Good value half term tips for tired kids
The first half term after the summer holidays is the one where your children can tend to be most tired, as they get into a new routine after the summer holidays (or, if they are starting school for the first time, getting used to a completely new schedule). Therefore, it may be an idea to plan activities near home, giving your children the opportunity to take things a little easier.
Now is a good time to start planning for your half term. Not only will planning ahead make sure that you get the most out of your half term holiday, but it may also save you money.
Do you have to go to a particular attraction? There may be a more convenient, lower cost alternative available if you are able to be flexible. For example, instead of driving to the water park, have you checked with your local pool? Often, there are special activities in the school holidays, including family-only swim times and large inflatables.
If your heart is set on a particular place, there may still be ways to save money. For example, is it possible to get a group discount if you go along with other families? Are there off-peak times that you can take advantage of?
Also, check for money-off vouchers and discount codes: search online, ring the attraction, and, if you have a supermarket loyalty card, see if you are able to cash them in for money off the entrance fee.
We tend to think of holidays as something we need to spend away from home, but this half term is the perfect opportunity for you to explore what’s on your doorstep – and if the afternoon suddenly grows cold, you won’t be too far away from home. Check the internet or in your local library to find out what activities are on in your area over half term – you may be pleasantly surprised to see what is available for free or at very low cost. It doesn’t have to be something you’ve never done before – perhaps you can do something your kids liked to do before they went to school, such as feeding the ducks or going to the local park. Failing that, running through piles of leaves is always fun, regardless of age!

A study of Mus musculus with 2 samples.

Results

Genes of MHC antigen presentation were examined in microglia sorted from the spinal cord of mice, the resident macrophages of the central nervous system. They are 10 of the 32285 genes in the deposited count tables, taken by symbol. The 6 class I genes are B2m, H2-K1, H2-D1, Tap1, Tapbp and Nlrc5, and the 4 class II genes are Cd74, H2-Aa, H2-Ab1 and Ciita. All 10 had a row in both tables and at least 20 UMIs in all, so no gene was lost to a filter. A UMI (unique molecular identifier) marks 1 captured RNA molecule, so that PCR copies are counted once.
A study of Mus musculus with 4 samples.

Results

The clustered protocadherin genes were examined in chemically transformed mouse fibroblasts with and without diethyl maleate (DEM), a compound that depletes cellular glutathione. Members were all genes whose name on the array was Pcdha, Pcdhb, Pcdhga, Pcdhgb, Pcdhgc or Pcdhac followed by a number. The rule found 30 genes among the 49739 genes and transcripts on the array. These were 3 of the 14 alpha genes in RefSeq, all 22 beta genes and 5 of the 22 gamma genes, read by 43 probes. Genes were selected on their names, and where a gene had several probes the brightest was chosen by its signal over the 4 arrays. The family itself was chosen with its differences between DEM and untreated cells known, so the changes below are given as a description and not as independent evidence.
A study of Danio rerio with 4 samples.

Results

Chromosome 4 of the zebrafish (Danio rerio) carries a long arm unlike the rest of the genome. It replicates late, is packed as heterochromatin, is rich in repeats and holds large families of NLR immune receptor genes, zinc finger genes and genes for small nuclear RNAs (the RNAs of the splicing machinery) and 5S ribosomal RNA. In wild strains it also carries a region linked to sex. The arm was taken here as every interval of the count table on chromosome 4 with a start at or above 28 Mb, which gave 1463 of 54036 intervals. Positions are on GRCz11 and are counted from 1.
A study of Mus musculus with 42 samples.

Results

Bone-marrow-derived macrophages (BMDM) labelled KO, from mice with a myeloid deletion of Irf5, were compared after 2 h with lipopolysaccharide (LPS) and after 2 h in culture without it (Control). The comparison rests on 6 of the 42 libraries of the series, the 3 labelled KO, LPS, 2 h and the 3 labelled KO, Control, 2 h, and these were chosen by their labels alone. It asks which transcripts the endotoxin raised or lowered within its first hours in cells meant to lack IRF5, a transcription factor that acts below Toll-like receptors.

Crafts are always a great way to entertain, and you might want to start collecting suitable items now: egg boxes, empty tins, kitchen/toilet rolls and old magazines and newspaper are perfect for creative minds to get to work on. Depending on the age of your children, you may want to arrange a walk to collect ‘treasure’, such as fallen leaves or nuts (such as acorns and conkers) or small twigs that can also be used in a variety of projects. There are hundreds of ideas online about suitable craft activities, but you must remember paint or coloured pens, glue, paper and to dress your children in clothes that you don’t mind becoming mini works of art.
There’s plenty that can be done in the garden in October, for children of all ages. If you don’t have a garden yourself, perhaps you can spend the day helping out a relative or friend. Whether it’s collecting fallen leaves, giving the lawn its last mow, digging out the last of the vegetables or a general tidy up – it’s a great opportunity to spend a few hours outdoors before it gets too cold to do so. It is also a good time to get planting. You can plant out bulbs now that will flower next spring, including primulas and forget-me-nots. If you don’t have a garden, you can still prepare some pots to flower in the winter and cheer up those dark days. Daffodils and hyacinth are good choices as they are so colourful and fragrant.
All in all, there’s plenty to keep them occupied this half term holiday, without spending a fortune.